Global communications company Alcatel-Lucent today unveiled what it claims to be the first unified software-defined networking (SDN) platform for the service provider industry.

The French company said its new SDN-based Network Services Platform (NSP) is the first product to enable telecommunications carrier SDN through the unification of service automation with network optimization of both IP-based and optical networks.

The product bridges the worlds of IT and operational support systems (OSS), the company said, providing a customizable, on-demand network that helps carriers provision resources in seconds across multiple components such as layers, domains and vendor platforms, similar to the way cloud services providers handle enterprise customer computing demands.

"The Network Services Platform bridges the gap between service design, provisioning and network engineering for the first time, to allow operators to cost-efficiently define new services and activate them in real-time," the company said in a statement. "Using purpose-built SDN-based software that blends Alcatel-Lucent's expertise in service management as well as in the creation and management of large-scale IP/MPLS routing and optical networks, it offers a unified approach to the automation and control of a broad range of services in carriers' IP/optical infrastructures.

Network Services Platform Architecture
[Click on image for larger view.]Network Services Platform Architecture (source: Alcatel-Lucent).

"It also gives full visibility of the state of the network across all layers at all times, allowing automatic multi-layer service provisioning, to use the best available network resources as well as real-time network optimization."

Alcatel-Lucent referred to testing conducted by research firm ACG that indicate network operation performance boosts in multiple areas with its NSP. Defining services can be done 58 percent faster than with other solutions, it said, at a 56 percent lower cost. Once defined, the services can be provisioned instantly across the multiple-component systems.

"In addition, Bell Labs research shows that operators are also able to support 24 percent more revenue-generating traffic by using sophisticated algorithms to intelligently distribute new connections across their network," the company said. Alcatel-Lucent noted that the 24 percent boost is made possible through technology provided by Bell Labs and its consulting group.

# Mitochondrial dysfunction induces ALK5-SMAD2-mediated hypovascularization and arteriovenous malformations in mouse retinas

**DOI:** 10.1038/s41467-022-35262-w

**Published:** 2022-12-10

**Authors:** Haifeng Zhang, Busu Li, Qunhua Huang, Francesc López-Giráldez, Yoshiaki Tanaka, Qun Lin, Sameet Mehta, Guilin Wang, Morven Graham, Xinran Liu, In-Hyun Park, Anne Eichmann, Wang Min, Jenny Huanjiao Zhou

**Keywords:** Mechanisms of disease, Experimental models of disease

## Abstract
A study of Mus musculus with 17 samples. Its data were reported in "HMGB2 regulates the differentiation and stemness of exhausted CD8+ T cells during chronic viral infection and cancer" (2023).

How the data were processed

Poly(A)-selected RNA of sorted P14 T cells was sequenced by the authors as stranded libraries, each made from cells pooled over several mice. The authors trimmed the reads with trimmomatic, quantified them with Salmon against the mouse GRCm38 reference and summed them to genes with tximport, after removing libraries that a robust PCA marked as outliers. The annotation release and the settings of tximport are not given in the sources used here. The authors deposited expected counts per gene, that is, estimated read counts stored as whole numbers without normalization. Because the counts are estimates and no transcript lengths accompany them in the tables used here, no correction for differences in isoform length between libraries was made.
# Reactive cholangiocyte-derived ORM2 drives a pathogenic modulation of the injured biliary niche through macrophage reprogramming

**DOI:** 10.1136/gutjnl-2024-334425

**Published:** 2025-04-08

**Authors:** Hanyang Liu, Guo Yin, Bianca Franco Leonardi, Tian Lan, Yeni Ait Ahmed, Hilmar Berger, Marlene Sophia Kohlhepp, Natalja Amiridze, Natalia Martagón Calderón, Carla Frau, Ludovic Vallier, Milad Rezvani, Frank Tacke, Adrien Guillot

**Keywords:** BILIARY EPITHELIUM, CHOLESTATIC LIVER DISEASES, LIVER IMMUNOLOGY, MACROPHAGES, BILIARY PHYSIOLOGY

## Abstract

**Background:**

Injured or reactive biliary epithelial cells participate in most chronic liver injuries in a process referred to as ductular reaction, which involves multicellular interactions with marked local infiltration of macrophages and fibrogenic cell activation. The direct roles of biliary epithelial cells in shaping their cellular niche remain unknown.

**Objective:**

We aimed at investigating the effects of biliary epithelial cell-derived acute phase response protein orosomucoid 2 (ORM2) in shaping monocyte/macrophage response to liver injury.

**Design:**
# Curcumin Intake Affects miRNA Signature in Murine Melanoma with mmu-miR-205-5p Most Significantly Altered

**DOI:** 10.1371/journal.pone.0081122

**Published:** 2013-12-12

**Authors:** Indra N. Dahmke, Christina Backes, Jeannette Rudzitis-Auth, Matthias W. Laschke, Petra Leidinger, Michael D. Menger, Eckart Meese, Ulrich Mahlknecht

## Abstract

The self-tuning, adaptable algorithms establish the most efficient paths through a network based on information such as the state of a network's topology, link traffic and use. "For example, service providers can move paths to avoid network congestion or dynamically release locked bandwidth to allow additional customer services to be added," Alcatel-Lucent said.

A network architect at British telecommunications giant BT Group also lauded the new product.

"In order for SDN to mean we can really improve our customer experience and impact our network economics, we need approaches that consider the real-time state of the network and relate it to the requirements of the service we provide," BT's Rob Shakir was quoted as saying in a statement. "Doing so allows us to assure performance, and optimize resource usage across all our network layers. Tightly coupling service requirements and performance with network control ... promises to deliver real-world benefits of centralized optimization whilst exploiting the strength of our existing distributed network."

Alcatel-Lucent said the new NSP is an extension of what the company's Nuage Networks venture has done in the datacenter. Nuage recently announced it has addressed the overlay/underlay visibility problem in SDN and has formed multiple partnerships and expanded its SDN ecosystem.

In a video interview, Alcatel-Lucent's Steve Vogelsang said NSP extends what the company learned in helping enterprises automate their networks to respond to the demands of cloud applications. Although there are some commonalities between the two approaches, there were also some new problems to solve. "What we discovered, then, as we extend that into the WAN, we need to actually control the underlying network infrastructure and make sure the capacity is there. We really need to tie together the network itself, as well as the applications that run on top of the services."

The new NSP will be commercially available next month.

About the Author

David Ramel is the editor of Visual Studio Magazine.